He moved across the Hudson River in the summer of 2007, signing a seven-year, $51.5 million contract with the Rangers. He spent two seasons in New York, averaging 16 goals and 64 points per season, then was traded to the Montreal Canadiens in June 2009.


Things went south quickly for Gomez after he had 12 goals and 59 points in 78 games with the Canadiens in 2009-10. He had seven goals in 2010-11, and two in 38 games the next season, going through a goal drought that lasted 369 days.


 


http://www.nhl.com/ice/news.htm?id=672790



Instead, he chased the dollar, and, at times, was the laughing stock of the NHL.


Instead, he chased the dollar, and, at times, was the laughing stock of the NHL.

 

I said this a while ago, but in the interviews I've seen and heard of Gomez, he doesn't come off as a guy who's terribly bright, and kind of a doofus.  I think the Devils had a better handle on how to handle Gomez's "doofus-ish-ness" better than anyone else.  Unfortunately, I think he was a guy who was easily tricked/manipulated, and when Glen Sather basically told him that the Devils didn't know how to use him and that he would flourish with the Rangers in a way that he never had never been "allowed" to with the Devils, Gomer quickly bought in...and of course, Sather has long been making the classic GM mistake of "Let me sign the best available free agent(s) of a given class to superstar dollars, whether they are or not, and hope that they perform like superstars." 

 

What's also sad is that I don't think Gomer ever worked terribly hard at his craft...I think most of what he accomplished was due to sheer talent.  And I don't think he got nearly as much out of that talent as he could have.


 

What's also sad is that I don't think Gomer ever worked terribly hard at his craft...I think most of what he accomplished was due to sheer talent.  And I don't think he got nearly as much out of that talent as he could have.

 

It was reported quite a few times during the 06 season that he was spending extra time before and after practice with Jacques Laperriere, working on his shot.  Go figure that's the year he scored 33 goals.  But I think there is truth to him relying on his sheer talent for the majority of his career.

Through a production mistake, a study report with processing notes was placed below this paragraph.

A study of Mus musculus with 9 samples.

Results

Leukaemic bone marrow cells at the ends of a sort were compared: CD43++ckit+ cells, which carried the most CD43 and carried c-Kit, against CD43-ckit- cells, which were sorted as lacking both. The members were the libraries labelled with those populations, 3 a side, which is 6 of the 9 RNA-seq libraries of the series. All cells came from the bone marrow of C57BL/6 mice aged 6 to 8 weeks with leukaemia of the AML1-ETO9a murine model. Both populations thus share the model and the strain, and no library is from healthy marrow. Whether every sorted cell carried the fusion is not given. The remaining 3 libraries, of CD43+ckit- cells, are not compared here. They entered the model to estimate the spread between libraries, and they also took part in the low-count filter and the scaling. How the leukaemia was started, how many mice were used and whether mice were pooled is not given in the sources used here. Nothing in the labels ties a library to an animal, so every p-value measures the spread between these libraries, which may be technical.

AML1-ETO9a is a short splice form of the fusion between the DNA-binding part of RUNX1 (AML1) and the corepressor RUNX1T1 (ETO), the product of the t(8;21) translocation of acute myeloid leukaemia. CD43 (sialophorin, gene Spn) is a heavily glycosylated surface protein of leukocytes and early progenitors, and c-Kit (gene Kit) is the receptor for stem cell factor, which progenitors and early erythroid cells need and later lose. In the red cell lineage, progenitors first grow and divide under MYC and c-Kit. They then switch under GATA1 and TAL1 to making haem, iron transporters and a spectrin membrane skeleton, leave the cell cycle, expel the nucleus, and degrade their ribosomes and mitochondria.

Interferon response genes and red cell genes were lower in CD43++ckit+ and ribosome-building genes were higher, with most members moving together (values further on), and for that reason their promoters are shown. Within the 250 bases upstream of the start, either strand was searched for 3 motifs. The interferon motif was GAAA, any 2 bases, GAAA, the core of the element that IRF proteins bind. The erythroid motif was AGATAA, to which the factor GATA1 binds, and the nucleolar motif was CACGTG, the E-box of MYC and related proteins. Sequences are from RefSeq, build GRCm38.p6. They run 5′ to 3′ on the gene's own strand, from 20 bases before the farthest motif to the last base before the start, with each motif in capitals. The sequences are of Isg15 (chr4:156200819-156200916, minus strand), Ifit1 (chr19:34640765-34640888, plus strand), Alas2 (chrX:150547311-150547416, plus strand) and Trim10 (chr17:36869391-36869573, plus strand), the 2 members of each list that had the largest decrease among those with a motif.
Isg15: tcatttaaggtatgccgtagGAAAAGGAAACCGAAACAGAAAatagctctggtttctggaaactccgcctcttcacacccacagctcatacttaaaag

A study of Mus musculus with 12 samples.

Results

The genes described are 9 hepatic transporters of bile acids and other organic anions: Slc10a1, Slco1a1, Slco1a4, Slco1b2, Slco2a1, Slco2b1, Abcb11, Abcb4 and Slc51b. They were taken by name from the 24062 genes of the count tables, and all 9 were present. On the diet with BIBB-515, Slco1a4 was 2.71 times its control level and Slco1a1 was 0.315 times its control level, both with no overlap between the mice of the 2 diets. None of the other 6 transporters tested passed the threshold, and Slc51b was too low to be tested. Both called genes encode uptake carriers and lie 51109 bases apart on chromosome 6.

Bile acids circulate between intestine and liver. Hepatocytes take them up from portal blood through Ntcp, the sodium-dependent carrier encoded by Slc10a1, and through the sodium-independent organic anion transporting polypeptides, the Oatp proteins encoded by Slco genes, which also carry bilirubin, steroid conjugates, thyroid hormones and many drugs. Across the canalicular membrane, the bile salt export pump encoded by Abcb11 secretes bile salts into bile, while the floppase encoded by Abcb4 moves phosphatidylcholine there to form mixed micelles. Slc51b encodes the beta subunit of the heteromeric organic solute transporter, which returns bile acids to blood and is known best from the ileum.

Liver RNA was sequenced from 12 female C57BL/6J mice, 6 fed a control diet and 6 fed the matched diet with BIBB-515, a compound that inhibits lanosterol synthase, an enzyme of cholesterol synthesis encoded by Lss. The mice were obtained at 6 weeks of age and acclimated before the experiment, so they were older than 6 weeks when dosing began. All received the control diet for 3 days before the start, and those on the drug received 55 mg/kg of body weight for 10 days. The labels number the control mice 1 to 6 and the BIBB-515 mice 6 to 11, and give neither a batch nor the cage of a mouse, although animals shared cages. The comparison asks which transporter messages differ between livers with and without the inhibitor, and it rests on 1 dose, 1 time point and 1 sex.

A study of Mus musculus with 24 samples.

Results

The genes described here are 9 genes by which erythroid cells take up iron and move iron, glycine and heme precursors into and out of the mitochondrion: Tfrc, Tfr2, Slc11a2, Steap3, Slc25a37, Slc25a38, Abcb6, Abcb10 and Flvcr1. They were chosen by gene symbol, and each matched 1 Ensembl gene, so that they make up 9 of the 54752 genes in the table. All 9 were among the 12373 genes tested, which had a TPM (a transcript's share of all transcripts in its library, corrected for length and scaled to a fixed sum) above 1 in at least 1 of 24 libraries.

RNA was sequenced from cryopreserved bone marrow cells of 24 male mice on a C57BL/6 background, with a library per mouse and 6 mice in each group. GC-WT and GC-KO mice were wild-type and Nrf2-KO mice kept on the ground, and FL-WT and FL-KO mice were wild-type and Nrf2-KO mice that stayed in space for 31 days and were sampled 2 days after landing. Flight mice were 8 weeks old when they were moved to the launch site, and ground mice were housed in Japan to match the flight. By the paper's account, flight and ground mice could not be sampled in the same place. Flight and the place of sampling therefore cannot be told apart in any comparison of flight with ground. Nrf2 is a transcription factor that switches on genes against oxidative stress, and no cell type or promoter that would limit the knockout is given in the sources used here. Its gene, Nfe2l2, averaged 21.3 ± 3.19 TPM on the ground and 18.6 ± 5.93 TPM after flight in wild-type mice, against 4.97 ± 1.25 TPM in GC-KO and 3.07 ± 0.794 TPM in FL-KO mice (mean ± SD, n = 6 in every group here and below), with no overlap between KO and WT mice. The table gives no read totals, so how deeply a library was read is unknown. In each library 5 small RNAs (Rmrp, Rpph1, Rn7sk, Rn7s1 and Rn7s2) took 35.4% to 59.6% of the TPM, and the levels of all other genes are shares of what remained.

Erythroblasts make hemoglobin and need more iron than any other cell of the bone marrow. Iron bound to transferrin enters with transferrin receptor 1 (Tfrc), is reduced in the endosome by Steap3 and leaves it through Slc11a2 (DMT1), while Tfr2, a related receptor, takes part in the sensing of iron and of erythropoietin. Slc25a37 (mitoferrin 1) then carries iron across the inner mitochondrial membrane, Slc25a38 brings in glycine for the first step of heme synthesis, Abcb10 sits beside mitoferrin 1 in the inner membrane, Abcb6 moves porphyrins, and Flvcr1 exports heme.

After the Devils won the cup won the cup in 2003, I won my friend a visit to ESPN Radio to see the Cup, Gomez, and Pando with like 5 other people by calling Gomez a doofy Devil, so I'm right there with you on your impression of him.


 

I really wonder how he would do back in a Devils sweater.  Maybe the system that he seemed to hate especially at the end is what made him excel in the first place and perhaps he will see that one day?


 

I really wonder how he would do back in a Devils sweater.  Maybe the system that he seemed to hate especially at the end is what made him excel in the first place and perhaps he will see that one day?

 

I think that's one reason we see players leave and come back.  As younger players they chafe under all the restrictions and general seriousness of the Devils, they want to have fun and enjoy the payoff for all their work.  Then when they get older, they appreciate that a lot of what the Devils do leads to winning and getting the most out of players abilities and now they want to have fun winning as a slightly higher priority than enjoying relaxed standards off the ice.